He was certain that his children would face the same fate of grinding poverty without access to education if he didn’t act and act fast.
Govind’s father worked very hard throughout his life, doing his best to meet the needs of the family. Despite working for 35 years in a shoe manufacturing shop, he could never save anything for himself or for his family. While relocating from the village, Govind’s family only had 70 rupees and his father’s shoemaking skills. Initially, a few of relatives supported them but they were also not financially strong enough. Govind decided to start his own business of making chappals and convinced his father to help him. His biggest roadblock was lack of funds.
In 2007, a field loan officer from Khushhali Microfinance Bank approached Govind, whose shoemaking business had yet to come into execution. A partner in the USAID, funded by U.S.-Pakistan Partnership for Access to Credit, Khushhali Microfinance Bank is a part of Pakistan's Poverty Reduction Strategy and its Microfinance Sector Development Program. Micro-financing is proven to successfully trigger upward social and economic mobility in the population stuck at the bottom of the economic pyramid by providing small-scale loans to businesses deemed unfit for commercial banking. Without access to credit, entrepreneurs like Govind are unable to make a profit.
Traditionally, commercial banks consider the small and medium size business sector as too risky an investment. The limitations in commercial banking renders leveraging formal financing routes improbable for micro and small entrepreneurs and perpetuates their dependence on informal and often exploitative informal mechanisms of lending and borrowing. Nearly three million of the 3.2 million businesses in Pakistan belong to this sector contributing, more than 30 per cent to Pakistan’s gross domestic product. Limited access to credit hinders this sector from growing the economy. Furthermore, about 80 per cent of Pakistan’s population does not have access to financial services at commercial banks. Microfinance is a targeted strategy to bring about a sustainable change in the lives of millions by providing opportunities to start and grow their own businesses.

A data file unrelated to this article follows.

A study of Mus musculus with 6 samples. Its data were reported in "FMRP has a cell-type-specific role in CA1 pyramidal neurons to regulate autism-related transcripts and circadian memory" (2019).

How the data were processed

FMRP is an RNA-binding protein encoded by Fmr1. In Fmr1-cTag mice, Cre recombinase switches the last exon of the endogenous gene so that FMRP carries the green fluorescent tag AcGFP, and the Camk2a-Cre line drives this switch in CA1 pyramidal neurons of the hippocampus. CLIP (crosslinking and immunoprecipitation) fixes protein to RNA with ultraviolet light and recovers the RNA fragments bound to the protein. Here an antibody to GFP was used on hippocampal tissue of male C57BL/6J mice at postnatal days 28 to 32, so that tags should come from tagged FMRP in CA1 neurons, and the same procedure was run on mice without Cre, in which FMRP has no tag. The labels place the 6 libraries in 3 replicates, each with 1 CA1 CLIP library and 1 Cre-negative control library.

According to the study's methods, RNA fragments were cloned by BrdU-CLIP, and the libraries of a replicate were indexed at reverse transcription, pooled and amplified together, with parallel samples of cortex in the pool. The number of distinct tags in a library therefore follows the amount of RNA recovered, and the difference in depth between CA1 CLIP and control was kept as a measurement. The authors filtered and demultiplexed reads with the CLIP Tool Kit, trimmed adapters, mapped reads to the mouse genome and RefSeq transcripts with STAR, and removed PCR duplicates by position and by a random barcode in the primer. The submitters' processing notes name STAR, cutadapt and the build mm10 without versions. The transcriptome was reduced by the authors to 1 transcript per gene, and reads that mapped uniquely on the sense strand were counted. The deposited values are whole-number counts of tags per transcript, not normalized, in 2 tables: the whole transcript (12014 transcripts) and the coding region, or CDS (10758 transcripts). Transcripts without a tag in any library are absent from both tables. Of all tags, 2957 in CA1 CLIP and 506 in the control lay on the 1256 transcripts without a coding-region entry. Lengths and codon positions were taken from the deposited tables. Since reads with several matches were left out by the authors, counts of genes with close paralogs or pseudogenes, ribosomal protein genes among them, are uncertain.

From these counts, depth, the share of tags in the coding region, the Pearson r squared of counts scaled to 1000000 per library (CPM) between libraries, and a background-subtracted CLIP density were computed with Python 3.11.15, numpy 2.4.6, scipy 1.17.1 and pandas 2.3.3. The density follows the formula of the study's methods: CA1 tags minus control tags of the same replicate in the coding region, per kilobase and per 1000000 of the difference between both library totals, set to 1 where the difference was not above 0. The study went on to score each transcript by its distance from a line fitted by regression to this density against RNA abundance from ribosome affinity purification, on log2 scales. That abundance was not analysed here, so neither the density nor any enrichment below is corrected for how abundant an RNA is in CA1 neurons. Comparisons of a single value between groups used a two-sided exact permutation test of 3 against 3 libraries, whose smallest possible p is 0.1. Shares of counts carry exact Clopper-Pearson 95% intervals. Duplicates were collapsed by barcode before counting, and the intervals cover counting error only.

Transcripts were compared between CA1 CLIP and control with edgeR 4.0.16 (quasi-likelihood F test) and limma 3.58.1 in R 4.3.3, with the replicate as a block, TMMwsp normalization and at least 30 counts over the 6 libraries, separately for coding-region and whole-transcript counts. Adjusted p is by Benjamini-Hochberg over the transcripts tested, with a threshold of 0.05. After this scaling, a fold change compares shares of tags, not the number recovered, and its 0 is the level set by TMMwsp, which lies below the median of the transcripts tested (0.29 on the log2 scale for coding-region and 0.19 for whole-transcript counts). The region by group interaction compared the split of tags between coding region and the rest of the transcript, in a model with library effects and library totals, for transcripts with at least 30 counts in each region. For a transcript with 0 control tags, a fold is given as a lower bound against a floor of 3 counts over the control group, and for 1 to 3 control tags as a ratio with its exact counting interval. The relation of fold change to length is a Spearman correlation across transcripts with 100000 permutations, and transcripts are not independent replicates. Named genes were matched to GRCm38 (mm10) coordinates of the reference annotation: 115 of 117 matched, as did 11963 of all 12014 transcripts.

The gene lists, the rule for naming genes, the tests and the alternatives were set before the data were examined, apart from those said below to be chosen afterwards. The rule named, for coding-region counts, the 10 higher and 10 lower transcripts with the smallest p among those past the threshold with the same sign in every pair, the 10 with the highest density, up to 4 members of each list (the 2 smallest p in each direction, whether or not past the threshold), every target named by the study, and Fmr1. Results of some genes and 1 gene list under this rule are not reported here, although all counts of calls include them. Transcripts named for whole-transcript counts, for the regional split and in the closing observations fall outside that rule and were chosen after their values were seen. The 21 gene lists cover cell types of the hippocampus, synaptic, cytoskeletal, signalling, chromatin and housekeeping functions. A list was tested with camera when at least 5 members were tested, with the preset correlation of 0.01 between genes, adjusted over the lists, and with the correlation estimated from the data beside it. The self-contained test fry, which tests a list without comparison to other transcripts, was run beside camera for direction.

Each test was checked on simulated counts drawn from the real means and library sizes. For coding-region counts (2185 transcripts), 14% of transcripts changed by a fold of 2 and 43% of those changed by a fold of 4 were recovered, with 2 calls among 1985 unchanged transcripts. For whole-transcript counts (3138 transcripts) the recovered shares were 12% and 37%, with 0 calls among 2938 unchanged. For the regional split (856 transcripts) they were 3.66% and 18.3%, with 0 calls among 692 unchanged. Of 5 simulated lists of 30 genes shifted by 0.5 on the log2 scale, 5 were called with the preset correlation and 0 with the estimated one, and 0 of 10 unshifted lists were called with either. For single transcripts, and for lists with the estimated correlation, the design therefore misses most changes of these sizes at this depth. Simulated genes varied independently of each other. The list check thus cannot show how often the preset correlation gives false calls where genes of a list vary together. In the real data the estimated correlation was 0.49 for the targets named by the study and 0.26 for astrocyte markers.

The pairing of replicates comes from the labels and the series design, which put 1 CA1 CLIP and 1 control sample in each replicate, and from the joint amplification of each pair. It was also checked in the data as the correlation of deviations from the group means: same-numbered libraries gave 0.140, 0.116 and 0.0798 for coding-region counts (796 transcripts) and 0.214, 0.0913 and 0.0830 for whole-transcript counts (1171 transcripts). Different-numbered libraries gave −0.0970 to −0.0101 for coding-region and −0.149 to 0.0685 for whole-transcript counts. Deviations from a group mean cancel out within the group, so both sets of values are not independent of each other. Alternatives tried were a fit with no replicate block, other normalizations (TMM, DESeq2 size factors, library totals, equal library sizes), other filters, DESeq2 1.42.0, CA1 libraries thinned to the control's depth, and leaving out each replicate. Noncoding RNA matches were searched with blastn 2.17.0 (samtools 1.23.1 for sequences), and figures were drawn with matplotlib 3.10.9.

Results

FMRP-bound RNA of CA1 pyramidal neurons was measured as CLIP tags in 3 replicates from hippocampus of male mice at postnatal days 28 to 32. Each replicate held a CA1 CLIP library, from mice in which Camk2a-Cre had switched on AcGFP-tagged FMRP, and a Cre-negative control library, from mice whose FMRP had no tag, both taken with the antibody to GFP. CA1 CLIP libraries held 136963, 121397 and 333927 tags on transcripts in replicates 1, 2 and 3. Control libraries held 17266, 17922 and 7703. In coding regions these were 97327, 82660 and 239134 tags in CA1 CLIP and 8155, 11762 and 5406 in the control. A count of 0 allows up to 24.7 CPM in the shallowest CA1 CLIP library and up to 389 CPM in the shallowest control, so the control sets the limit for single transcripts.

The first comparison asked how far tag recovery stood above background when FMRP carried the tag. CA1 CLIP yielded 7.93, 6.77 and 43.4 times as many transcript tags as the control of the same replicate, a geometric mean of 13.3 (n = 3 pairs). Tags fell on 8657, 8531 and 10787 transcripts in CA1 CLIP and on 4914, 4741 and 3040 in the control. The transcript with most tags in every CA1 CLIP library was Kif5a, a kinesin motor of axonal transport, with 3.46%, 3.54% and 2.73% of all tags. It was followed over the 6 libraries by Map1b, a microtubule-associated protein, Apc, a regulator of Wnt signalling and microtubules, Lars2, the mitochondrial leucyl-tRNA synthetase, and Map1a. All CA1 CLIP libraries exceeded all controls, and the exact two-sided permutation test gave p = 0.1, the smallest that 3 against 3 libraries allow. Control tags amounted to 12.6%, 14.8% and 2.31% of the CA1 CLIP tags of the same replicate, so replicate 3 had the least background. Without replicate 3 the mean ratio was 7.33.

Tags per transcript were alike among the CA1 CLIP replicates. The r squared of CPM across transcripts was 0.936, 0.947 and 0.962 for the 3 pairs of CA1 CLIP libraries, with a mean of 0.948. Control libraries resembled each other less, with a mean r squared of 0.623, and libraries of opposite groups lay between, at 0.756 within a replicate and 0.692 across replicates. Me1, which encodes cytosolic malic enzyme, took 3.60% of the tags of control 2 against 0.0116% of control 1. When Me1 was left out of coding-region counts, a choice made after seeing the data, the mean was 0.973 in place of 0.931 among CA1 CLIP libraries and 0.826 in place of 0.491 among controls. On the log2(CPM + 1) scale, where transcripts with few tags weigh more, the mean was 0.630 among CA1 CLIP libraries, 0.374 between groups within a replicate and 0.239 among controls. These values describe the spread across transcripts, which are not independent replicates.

Khushhalibank provided Govind, a first time borrower, an opportunity to obtain a loan of Rs10,000 to start his shoe-making venture. The new business owner was relieved to have found this breakthrough.
Govind is now a proud master of his skill. He recalls that in the past his earnings were only enough money to make it to the weekend. The loan allowed him to travel to Hyderabad and purchase enough material to make more than one pair of shoes. He invested in a machine, and hired two employees to increase his productivity. Soon, Govind made 10 pairs and was able to charge 100 rupees per shoe and eventually started saving money to reinvest in the business.
Govind’s first loan from Khushhalibank was for a mere 10,000 rupees but timely payments have enabled him to maintain a good customer relationship with the bank. As a result, his loan ceiling was increased and just recently the bank approved a loan of Rs125,000 for him. Due to Khushhalibank’s microfinance loan Govind’s business is doing fairly well, his children are going to school and he is dreaming to educate his children even if he was denied this right.
Govind is testament to what happens when hardworking Pakistanis are given an opportunity to lift themselves out of poverty. Given the right support, an individual and a family can transform its future. So whilst poverty in Pakistan remains a pressing social problem, Govind’s story shows us a potential solution.